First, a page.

NEW YORK (MainStreet) –- Rising rates are about to make bonds and other fixed-income investments a whole lot less conservative, which means there's money to be made if you play it the right way.
With Federal Reserve Chair Janet Yellen guaranteeing a rate hike in the near future, investors should prepare to see the price of long-term bond mutual funds and ETFs decline in response.
“Generally speaking, the volatility inherent in fixed income is traditionally not as severe as in equity markets,” says John Diehl, senior vice president of strategic markets at Hartford Funds. “The bigger issue is that our expectations have shifted to a place where we may not even suspect that our fixed income assets may lose value. For the longer term, we need to check our perspective to reacquaint ourselves with the role that fixed income plays in our portfolios. It may be a source of stability or liquidity.”
Rising interest rates would cause the value of long- and intermediate-term bond funds to plummet, says Thomas Walsh, an investment analyst in Palisades Hudson Financial Group’s Atlanta office. However, there's still plenty of opportunity for income in shorter-term, floating rate, and inflation indexed bonds.
“With most of your fixed-income portfolio, KISS -- Keep It Short and Simple,” he says.
Walsh advises that investors place at least 60% of their fixed-income portfolio in short-term certificates of deposits, money market funds and high-quality short-term bond funds with an average maturity of about two years or less. If you're in one of the higher tax brackets, you can use short-term tax-free funds.
“Asset allocation remains a driving factor in overall return,” Diehl says. “You and your advisor may choose to make opportunistic shifts in various fixed income sectors, but timing the fixed income markets is as inadvisable as timing equity markets. A better approach may be to make sure that you are adequately diversified within the fixed income allocation in your portfolio."
In Walsh's view, that involves investing in alternatives to basic short-term funds. If you can take a bit more risk -- and that's the most important caveat -- Walsh advises investing up to 40% of your fixed-income portfolio in “non-vanilla” income funds.
“They generally pay higher yields and are well-positioned to keep their value when rates rise, which is bound to happen in the near future,” Walsh says.
If you can manage the risk, a “non-vanilla” income fund can reduce some of the blunting effects of a Fed rate hike. Walsh notes that there are three particular flavors of the "non-vanilla" fund spectrum you should consider:
Merger arbitrage funds. Up to 10% of your fixed-income investment can go into a merger-arbitrage mutual fund, a stock fund with nearly bond-like performance. The fund buys shares of merger acquisition targets at a slight discount to the expected value upon completion of the deal. This price difference is known as the arbitrage “spread” and is captured as long as the deal is completed. The manager buys protection in case the deal falls through.
“It’s a concept with a solid long-term record,” Walsh says.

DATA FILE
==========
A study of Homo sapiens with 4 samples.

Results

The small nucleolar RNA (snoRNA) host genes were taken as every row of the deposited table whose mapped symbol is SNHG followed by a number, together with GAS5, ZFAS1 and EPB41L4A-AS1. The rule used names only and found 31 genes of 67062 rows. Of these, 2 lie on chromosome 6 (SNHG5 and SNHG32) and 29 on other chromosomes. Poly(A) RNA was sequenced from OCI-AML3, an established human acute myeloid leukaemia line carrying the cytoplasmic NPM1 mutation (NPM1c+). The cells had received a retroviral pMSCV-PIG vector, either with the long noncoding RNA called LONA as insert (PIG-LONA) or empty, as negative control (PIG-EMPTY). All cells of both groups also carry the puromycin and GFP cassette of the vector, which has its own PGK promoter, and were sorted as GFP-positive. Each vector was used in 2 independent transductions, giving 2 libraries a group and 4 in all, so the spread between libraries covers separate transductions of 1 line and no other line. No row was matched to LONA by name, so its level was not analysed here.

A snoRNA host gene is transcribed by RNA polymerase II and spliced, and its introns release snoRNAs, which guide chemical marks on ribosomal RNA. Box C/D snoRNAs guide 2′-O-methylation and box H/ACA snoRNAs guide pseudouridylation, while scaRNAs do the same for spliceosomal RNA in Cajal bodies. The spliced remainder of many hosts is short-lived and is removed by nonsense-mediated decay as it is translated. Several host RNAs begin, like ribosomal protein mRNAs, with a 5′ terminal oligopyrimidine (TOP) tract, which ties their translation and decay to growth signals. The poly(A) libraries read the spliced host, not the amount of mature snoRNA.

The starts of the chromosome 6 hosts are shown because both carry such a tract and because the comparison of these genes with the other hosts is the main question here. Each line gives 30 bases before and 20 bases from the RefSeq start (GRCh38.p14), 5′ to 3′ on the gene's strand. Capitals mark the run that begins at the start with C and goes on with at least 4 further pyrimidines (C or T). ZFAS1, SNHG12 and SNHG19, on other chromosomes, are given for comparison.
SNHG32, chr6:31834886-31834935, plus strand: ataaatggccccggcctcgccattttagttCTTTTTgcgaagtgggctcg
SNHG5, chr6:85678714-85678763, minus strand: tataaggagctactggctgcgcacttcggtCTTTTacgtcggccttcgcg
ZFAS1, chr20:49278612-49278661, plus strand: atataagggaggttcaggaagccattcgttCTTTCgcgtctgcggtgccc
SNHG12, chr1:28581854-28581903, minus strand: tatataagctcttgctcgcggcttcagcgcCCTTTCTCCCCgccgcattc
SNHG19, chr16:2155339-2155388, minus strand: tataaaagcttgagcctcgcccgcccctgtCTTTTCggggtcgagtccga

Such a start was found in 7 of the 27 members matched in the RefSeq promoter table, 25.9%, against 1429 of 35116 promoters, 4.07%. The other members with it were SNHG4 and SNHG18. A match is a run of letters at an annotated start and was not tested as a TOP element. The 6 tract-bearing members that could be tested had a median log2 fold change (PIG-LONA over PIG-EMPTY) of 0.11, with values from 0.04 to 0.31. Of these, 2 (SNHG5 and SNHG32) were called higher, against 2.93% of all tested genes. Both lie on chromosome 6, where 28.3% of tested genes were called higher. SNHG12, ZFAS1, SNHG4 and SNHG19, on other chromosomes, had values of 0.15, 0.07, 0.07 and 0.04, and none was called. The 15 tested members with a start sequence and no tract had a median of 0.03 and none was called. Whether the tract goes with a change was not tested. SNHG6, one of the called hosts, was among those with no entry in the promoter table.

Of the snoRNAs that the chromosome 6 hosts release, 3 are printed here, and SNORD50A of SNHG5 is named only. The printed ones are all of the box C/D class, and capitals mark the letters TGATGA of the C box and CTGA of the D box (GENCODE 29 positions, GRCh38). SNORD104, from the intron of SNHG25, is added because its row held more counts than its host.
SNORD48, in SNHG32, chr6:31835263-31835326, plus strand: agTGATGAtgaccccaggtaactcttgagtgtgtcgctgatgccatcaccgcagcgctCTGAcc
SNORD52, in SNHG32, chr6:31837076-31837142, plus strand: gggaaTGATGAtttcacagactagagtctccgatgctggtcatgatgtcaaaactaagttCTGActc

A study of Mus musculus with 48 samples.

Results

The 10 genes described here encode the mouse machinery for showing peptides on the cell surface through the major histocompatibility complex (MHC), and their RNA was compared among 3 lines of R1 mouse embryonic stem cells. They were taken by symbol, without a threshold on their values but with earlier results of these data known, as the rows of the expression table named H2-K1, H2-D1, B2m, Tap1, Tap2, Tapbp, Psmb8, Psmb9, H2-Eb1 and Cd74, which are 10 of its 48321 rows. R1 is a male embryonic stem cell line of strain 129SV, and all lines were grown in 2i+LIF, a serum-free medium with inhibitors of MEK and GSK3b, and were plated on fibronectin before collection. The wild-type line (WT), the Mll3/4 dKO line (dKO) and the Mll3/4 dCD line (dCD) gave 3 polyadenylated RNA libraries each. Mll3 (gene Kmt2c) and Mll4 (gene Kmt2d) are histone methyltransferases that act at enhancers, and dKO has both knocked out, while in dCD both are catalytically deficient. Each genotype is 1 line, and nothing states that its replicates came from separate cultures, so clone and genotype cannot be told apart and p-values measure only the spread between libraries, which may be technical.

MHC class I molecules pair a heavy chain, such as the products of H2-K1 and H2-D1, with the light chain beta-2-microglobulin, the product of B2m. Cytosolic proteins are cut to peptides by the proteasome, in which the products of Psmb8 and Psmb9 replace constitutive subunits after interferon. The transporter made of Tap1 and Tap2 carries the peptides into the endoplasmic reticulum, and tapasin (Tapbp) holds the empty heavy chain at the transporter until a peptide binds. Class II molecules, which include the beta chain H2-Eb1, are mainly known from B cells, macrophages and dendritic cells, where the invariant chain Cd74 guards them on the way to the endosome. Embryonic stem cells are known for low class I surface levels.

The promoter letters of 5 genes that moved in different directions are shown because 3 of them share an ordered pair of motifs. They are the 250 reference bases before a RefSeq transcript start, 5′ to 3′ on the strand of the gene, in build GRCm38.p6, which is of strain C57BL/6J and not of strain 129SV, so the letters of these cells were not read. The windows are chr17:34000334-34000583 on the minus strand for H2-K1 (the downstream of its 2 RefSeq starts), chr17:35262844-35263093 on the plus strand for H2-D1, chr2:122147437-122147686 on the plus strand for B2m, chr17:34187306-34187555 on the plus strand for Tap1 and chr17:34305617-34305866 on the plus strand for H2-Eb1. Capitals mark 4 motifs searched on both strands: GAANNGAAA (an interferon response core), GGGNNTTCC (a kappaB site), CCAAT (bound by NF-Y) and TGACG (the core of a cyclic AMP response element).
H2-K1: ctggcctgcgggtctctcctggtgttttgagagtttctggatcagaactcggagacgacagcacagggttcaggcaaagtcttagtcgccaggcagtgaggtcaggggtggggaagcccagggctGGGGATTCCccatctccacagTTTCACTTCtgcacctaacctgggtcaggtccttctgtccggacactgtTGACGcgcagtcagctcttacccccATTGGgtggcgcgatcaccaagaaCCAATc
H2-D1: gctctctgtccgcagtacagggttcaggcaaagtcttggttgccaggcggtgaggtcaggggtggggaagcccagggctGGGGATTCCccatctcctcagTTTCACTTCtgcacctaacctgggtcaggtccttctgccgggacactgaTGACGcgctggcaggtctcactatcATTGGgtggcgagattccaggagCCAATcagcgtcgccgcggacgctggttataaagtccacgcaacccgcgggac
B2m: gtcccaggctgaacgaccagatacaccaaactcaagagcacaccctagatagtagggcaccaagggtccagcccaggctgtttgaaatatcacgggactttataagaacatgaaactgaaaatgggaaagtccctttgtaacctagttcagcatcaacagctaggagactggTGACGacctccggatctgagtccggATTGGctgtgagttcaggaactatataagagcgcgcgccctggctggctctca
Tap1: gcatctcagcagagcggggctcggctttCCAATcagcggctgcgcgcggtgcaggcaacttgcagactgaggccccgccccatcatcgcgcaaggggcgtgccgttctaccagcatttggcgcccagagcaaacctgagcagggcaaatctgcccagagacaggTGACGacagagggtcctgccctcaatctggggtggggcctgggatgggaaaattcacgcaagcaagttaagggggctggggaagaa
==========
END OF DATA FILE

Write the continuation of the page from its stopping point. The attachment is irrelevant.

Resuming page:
Inflation-managed bond funds Walsh advises allocating 10% to 15% to these hybrid funds, which include inflation swaps along with short-term fixed-income holdings. An inflation swap involves one party paying a fixed rate on the swap amount in exchange for a floating-rate payment based on actual inflation.
“These funds are an effective way to mitigate the effects of inflation while keeping interest-rate risk low,” Walsh says.
Floating-rate bond funds—also known as bank-loan funds Finally Walsh suggests dedicating another 10% to 15% out of the larger 40% to these funds, which purchase loans made by banks to companies with below-investment-grade credit ratings. The underlying loans’ yields float, generally rising with broader market rates, protecting investors from most interest-rate risk.
Unlike high-yield junk bonds (which Walsh says are generally too risky), floating-rate loans have safeguards built in, including collateral, performance-based covenants and a senior debt position. Senior debt is more likely than other debt to be repaid in case of a bankruptcy.
“Look for a conservatively managed floating-rate fund instead of trying to find the highest yield,” Walsh says.
All that said, there is no one-size-fits-all strategy for fixed-income investing. Walsh notes that his plan isn't the only option and that any plan should be tailored to an individual portfolio based on your risk tolerance, liquidity needs, investment horizon and personal goals. Walsh's colleague, Benjamin Sullivan, a certified financial planner and portfolio manager with Palisades Hudson's Scarsdale, N.Y. office, notes that investors who have stocked up on cash, short-term bond funds and floating-rate bond funds should welcome interest rate hikes, since they'll earn decent income on their investments.
“The Fed will continue to have its foot on the gas pedal for the foreseeable future, since they plan to only gradually increase interest rates from zero,” Sullivan says. “Just because the Fed is raising interest rates doesn’t mean that it will be a drag on the economy if rates are still low in absolute terms.”
However, Walsh suggests that investors remember that the primary purpose of fixed-income investments is to reduce the volatility of the total portfolio. Those investments are there to preserve your wealth, not gamble it, so be prepared to be ecstatic about breaking even.
“As ever in times of flux, there will be significant opportunities, as well as challenges, but the opportunities will be actively sought with a fresh different approach and outlook,” says Nigel Green, founder and chief executive of the U.K.-based deVere Group. “Investors are likely to need to accept lower returns in this new era.”
This article is commentary by an independent contributor. At the time of publication, the author held TK positions in the stocks mentioned.